The Liver Alpha Cell Axis and Type 2 Diabetes

Nicolai J. Wewer Albrechtsen

University of Copenhagen, DK

Glucagon is a fascinating peptide hormone. Since the discovery of a ‘glucose stimulatory factor’ from the pancreas (2), the physiological role of glucagon continues to be investigated and highly debated (1, 3-5). This is exemplified by glucagon’s role in glucose control (5). From randomized clinical trials with glucagon receptor antagonists, we know that glucagon is a powerful regulator of fasting glucose in humans. Glucagon mediates its effect on glycemia in the fasted state by downstream signaling pathways of cAMP, whereas nutrients, in particular proteins, together with glucagon constitute a physiological interplay (the liver-alpha cell axis) that fine tunes amino acid metabolism in both fasted and postprandial state by signaling independent to that of glucose production/cAMP thereby evoking the possibility of biased signaling pathways of glucagon explaining the emerging terminology of glucagon receptor resistance towards amino acid metabolism but not glucose(6). In this talk, I will discuss what I believe to be glucagon physiological role: amino acid metabolism and put it in the context of liver diseases and diabetes. Finally, I am exited to share out preliminary data on a potential glucagon sensitivity test in humans.


  1. Albrechtsen NJW, Kuhre RE, Pedersen J, Knop FK, and Holst JJ. The biology of glucagon and the consequences of hyperglucagonemia. Biomarkers in Medicine 10: 1141-1151, 2016.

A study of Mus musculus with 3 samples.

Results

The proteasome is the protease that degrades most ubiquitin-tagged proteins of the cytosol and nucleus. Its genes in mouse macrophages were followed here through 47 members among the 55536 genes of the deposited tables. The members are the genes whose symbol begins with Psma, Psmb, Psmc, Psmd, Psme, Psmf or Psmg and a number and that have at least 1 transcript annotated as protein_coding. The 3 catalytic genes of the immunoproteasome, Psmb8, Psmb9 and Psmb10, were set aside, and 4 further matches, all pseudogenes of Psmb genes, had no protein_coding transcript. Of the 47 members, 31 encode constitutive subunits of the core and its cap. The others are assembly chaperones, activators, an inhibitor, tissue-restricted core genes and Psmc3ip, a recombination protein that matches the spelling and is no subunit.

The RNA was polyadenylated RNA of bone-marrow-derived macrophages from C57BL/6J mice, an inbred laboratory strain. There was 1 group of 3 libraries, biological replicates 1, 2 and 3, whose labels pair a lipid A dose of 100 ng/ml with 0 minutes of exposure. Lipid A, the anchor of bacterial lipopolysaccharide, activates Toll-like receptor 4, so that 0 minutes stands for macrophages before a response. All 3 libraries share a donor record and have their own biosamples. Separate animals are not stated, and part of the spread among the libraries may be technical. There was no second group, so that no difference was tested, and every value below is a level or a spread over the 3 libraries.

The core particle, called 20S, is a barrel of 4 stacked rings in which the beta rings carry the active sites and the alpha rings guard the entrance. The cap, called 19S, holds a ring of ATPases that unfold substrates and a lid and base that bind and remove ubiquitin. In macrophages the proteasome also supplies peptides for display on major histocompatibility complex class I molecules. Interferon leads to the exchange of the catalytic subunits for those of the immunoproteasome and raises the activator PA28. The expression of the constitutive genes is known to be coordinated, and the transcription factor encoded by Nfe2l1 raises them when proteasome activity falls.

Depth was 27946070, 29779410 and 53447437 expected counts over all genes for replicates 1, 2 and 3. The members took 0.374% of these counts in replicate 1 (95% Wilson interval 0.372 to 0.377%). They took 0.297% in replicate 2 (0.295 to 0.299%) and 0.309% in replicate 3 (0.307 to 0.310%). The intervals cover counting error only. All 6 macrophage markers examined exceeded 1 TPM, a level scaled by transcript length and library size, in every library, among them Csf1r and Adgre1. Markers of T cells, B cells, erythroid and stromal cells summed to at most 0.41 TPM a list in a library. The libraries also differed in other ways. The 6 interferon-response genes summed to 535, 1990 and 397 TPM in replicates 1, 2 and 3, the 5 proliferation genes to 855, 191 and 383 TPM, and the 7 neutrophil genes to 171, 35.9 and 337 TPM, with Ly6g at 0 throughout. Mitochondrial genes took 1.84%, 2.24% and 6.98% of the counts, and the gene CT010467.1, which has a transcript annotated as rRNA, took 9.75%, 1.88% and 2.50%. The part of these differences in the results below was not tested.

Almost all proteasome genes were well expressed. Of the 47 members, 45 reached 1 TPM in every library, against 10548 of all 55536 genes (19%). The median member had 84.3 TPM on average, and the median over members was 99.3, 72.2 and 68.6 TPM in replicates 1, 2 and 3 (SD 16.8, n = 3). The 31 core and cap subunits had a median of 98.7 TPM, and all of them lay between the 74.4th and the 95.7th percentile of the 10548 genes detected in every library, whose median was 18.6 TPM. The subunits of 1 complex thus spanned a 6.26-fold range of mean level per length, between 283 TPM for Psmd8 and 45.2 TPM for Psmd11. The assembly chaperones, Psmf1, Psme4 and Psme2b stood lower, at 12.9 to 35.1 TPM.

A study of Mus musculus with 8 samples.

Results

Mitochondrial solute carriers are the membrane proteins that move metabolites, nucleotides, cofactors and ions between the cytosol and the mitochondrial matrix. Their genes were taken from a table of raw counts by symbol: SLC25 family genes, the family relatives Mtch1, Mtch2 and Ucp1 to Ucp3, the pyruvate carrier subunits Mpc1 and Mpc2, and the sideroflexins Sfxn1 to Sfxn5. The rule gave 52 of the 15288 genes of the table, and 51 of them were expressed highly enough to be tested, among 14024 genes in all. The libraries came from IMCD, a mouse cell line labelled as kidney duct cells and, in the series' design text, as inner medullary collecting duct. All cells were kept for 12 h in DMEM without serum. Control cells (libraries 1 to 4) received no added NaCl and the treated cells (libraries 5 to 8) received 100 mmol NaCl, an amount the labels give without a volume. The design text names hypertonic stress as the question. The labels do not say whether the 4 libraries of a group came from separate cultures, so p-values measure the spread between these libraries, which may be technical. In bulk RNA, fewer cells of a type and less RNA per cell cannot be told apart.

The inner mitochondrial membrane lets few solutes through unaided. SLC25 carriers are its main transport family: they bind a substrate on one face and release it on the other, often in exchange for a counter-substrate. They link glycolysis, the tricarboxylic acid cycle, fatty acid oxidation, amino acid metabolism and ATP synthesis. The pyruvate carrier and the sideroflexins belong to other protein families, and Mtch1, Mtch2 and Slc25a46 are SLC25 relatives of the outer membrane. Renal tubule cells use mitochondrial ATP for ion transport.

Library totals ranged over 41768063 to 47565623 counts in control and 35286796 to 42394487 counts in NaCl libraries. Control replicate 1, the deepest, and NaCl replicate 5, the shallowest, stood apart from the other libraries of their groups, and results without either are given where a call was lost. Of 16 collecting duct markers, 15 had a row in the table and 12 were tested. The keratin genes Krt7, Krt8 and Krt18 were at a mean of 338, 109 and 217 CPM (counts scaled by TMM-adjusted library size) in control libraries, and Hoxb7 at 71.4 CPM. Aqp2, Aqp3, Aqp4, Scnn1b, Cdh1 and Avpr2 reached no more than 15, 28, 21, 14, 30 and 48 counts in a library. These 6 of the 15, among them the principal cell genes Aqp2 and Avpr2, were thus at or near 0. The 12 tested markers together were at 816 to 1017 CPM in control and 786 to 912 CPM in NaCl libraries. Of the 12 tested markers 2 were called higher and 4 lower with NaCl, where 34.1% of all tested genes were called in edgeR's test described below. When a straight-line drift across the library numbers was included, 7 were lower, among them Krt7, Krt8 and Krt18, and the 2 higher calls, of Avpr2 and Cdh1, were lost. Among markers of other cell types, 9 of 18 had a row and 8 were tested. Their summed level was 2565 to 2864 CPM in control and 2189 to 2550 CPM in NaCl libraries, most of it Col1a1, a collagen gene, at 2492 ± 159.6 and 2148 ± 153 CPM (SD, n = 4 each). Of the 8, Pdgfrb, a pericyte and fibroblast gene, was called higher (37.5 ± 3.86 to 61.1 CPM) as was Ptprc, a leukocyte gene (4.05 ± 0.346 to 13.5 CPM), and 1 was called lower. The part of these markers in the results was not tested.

2. Kimball CP, and Murlin JR. AQUEOUS EXTRACTS OF PANCREAS: III. SOME PRECIPITATION REACTIONS OF INSULIN. Journal of Biological Chemistry 58: 337-346, 1923.
  3. Müller TD, Finan B, Clemmensen C, DiMarchi RD, and Tschöp MH. The New Biology and Pharmacology of Glucagon. Physiological Reviews 97: 721-766, 2017.
  4. Pearson MJ, Unger RH, and Holland WL. Clinical Trials, Triumphs, and Tribulations of Glucagon Receptor Antagonists. Diabetes Care 39: 1075-1077, 2016.
  5. Unger RH, and Cherrington AD. Glucagonocentric restructuring of diabetes: a pathophysiologic and therapeutic makeover. The Journal of Clinical Investigation 122: 4-12, 2012.
  6. Wewer Albrechtsen NJ, Pedersen J, Galsgaard KD, Winther-Sorensen M, Suppli MP, Janah L, Gromada J, Vilstrup H, Knop FK, and Holst JJ. The liver-alpha cell axis and type 2 diabetes. Endocrine reviews 2019.

Short biography:

Nicolai have for the last 10 years dedicated his life to understand and explore how the gastrointestinal tract contribute to a healthy metabolism, and to the development and the pathophysiology of metabolic diseases. During medical school, Nicolai spearheaded the development of a new antibody and mass-spectrometry based measurement of these hormones hereof in particular the accurate measurement of glucagon later commercialized by a Swedish biotechnology company. Subsequently, Nicolai applied these methodologies to identify a putative novel hormone (GCG1-61) and characterized its metabolic functions, generated proteomic based biomarker panels of dysmetabolic conditions (evaluated clinically at Rigshospitalet) and a phosphoproteomic ‘atlas’ of insulin signaling in diabetes, and contributed to the identification and characterization of a physiological feedback system between the liver and the glucagon producing alpha-cells (the liver-alpha cell axis). Nicolai currently focus on glucagon biology and to explore the inter-organ cross talk between the liver and the pancreas.